Because I can’t mentally put together the steps to make that thing happen.
“Just do it”
I’m trying, but I keep forgetting how.
“Stop making excuses”
I’m making a plea for help.
For autistic and adhd people like myself, it’s complicated.
By the end of the day my house is a mess but I’ve learned to sew ice cream hats for stray cats and... oh crap I forgot to do the thing.
They go out of my mind before they’re completed and pop back in afterwards when I need to be focusing on something else.
Unfortunately, the ADHD meds that work wonders for so many people are unreliable and mostly ineffective for me.
As Adrian Monk said, “It’s a gift... and a curse.”
If I can hyperfocus on a tweetstorm, I should embrace it.
If I can hyperfocus on drawing comics, great!
If I can hyperfocus on housework, then no harm done.
I do best when I follow my hyperfocus first thing, and do the boring stuff after I’ve gotten wound up.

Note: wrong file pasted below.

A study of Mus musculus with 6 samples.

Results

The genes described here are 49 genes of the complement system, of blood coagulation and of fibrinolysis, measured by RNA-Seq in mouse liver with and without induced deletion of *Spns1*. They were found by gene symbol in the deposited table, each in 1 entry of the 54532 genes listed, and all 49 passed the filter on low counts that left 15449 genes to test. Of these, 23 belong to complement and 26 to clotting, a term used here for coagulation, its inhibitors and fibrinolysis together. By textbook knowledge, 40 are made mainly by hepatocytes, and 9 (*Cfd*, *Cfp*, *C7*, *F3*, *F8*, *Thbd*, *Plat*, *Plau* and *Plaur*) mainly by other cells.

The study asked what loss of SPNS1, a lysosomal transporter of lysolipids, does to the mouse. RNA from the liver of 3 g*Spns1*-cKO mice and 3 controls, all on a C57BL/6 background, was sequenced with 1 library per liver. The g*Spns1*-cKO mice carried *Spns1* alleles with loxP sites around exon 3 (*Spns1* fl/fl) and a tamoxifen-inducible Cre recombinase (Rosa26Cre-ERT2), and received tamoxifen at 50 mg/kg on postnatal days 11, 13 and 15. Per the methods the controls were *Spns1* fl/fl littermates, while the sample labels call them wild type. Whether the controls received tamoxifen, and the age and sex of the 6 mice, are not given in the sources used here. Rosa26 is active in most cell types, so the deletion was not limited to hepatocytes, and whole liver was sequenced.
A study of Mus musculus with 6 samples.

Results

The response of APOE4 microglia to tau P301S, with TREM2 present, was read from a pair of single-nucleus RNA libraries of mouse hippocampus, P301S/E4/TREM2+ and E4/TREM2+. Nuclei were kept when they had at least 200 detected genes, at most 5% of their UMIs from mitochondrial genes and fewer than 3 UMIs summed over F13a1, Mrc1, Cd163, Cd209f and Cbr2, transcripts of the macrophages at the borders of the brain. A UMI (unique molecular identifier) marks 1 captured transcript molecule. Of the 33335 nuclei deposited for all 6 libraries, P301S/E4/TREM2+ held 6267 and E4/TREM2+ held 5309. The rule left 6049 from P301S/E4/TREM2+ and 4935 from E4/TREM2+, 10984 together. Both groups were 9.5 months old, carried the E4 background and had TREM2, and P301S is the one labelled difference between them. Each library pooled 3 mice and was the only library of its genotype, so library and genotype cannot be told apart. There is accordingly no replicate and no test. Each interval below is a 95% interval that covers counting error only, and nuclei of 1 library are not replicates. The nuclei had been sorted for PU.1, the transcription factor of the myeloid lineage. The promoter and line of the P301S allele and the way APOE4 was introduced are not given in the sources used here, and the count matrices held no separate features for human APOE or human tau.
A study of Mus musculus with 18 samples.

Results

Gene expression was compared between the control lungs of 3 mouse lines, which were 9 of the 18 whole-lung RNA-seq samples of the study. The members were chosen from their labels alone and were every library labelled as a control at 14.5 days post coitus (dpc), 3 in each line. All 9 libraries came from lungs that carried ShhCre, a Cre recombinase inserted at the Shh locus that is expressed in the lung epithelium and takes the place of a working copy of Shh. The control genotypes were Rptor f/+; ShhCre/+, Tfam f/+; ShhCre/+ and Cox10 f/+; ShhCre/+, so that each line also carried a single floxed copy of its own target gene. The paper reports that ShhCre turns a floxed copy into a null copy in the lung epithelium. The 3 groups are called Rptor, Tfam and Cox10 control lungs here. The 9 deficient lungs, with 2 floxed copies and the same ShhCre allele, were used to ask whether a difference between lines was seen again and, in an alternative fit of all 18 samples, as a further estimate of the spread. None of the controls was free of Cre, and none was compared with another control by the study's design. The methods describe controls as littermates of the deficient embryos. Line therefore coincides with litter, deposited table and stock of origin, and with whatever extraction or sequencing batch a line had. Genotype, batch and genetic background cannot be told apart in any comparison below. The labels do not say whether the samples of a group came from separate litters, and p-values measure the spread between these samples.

Otherwise I spin my wheels and stall, trying to find traction.
That is often seen as a weakness for autistics or ADHD-ers, because it keeps us from doing things deemed important.
If you can embrace your hyperfocus and ride the wave, executive dysfunction allows you to go with the flow.
It can take you anywhere!
But then hyperfocus set in. I kept adding tweets to describe my experience with executive dysfunction.
Now I have a resource to help me in the future.
The next time you feel ‘stuck’, cut yourself some slack. Your brain works differently and it can only function when in hyperfocus.
Find your hyperfocus for the day and branch out to other tasks when ready.